The Ambassador in Japan (Grew) to the Secretary of State
[Received February 17—9:25 a.m.]
110. Department’s 53, February 11, 6 p.m.
1. On February 12, 1937, there was promulgated a law providing for five new taxes the proceeds of which were to be deposited in the “North China special account”. On September 10 there was created by law No. 85 the “temporary military expenditures account” which is stipulated by the law to be an account independent of and distinct from the “general account” of the Japanese Government. This latter law further provides that on all expenditures connected with the “North China Incident” (which has previously been disbursed from the general account) are to be paid from the above special account and that certain specific revenues including the taxes above referred to are to be paid into such special account. It seems clear from the foregoing that the proceeds of these taxes are not being paid into the general exchequer for meeting the normal and general expenditures of the Japanese Government but that they are on the contrary being earmarked and expended solely for military purposes.
2. We understand that certain American residents have been called upon to pay one or two of the special taxes which have a direct incidence but so far as we know none of them has paid.
3. It is our view that the special taxes above referred to and other similar taxes now before the Diet are for the special and sole purpose of financing military operations in China and that exemptions should be claimed in respect of American citizens on the basis of treaty provisions.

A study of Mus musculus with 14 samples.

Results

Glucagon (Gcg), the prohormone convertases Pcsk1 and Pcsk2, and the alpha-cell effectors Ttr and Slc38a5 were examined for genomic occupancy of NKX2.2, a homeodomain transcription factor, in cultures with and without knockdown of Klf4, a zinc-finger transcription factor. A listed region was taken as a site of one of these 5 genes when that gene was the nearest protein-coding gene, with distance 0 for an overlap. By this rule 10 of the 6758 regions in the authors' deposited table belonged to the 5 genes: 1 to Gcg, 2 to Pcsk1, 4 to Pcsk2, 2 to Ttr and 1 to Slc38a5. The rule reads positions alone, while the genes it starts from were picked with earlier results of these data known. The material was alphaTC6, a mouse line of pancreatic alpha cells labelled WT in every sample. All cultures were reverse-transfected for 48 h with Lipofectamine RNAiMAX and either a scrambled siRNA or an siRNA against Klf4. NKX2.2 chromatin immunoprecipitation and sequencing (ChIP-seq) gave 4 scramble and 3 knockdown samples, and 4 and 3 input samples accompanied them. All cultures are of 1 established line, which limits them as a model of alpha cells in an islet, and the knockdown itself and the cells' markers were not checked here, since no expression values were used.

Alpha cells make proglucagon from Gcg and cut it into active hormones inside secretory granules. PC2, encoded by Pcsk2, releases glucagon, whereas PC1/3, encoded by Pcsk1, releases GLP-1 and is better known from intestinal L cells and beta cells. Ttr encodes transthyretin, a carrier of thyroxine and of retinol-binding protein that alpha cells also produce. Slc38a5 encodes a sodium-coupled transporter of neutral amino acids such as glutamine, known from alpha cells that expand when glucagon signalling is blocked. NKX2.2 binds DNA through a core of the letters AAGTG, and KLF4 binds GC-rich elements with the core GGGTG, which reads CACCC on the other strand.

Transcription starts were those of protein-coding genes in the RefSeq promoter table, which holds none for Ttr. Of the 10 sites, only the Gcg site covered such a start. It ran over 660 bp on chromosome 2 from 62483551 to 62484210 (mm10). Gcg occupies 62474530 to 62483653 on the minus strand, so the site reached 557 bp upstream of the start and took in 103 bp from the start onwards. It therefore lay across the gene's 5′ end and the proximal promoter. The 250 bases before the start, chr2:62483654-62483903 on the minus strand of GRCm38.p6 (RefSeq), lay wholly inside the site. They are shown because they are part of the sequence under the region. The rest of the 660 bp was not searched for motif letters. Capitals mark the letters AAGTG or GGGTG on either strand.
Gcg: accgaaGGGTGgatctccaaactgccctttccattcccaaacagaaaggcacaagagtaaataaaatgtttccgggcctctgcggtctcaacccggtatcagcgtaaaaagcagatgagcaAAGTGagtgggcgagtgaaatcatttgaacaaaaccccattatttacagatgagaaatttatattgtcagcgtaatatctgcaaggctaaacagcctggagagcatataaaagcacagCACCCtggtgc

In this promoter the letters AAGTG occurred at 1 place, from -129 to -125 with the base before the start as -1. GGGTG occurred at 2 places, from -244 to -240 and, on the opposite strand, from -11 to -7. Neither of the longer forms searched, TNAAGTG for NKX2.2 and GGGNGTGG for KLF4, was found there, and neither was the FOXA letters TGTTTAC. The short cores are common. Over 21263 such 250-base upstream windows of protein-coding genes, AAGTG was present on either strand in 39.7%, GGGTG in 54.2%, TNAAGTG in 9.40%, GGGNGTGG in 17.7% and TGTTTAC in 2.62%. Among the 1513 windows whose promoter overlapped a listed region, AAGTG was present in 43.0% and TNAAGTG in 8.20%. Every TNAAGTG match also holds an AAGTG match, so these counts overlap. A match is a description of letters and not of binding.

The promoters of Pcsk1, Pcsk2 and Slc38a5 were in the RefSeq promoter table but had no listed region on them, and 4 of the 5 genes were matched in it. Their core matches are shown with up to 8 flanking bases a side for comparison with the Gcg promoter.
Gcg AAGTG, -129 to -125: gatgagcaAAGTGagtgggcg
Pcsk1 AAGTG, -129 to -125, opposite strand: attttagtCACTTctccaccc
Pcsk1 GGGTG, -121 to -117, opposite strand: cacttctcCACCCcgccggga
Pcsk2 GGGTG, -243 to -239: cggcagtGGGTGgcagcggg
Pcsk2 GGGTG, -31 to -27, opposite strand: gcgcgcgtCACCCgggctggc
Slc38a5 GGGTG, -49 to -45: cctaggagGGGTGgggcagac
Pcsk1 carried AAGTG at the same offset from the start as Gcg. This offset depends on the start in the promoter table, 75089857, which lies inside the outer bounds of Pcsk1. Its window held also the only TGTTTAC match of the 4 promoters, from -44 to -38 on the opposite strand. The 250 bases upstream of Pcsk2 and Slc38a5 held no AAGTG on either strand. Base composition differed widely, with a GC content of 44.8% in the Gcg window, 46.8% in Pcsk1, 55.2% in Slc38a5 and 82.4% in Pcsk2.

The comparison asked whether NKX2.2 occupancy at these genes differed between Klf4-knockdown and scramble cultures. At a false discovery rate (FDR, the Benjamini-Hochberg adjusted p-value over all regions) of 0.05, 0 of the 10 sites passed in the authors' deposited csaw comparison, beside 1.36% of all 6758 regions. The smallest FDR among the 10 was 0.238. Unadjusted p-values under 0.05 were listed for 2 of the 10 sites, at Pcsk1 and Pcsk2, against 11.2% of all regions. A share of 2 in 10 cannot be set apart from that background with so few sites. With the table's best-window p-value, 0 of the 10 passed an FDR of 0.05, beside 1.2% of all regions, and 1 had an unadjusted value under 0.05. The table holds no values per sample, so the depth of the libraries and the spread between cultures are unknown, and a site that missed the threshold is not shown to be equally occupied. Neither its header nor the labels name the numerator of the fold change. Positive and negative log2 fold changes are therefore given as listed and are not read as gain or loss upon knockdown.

4. We suggest that we be authorized as a first step to make oral representations to the Foreign Office including the leaving of an aide-mémoire which would present the facts and conclusions above outlined and would conclude with a paragraph substantially as follows:
“It seems beyond assault of doubt or cavil that the taxes under reference, along with other taxes which may hereafter be laid down for the specific purpose of providing funds for military purposes in China, fall, insofar as citizens of the United States are concerned, within the prescription set forth in the last paragraph of article I of the Treaty of Commerce and Navigation of 1911 between the United [Page 614]States and Japan, which reads as follows (text omitted). The American Government would, therefore, welcome an expression from the Japanese Government of concurrence in the view that the taxes under reference are not applicable to citizens, whether private or corporate, of the United States, and invites an assurance that measures which have been taken to collect such taxes from citizens of the United States will be discontinued.”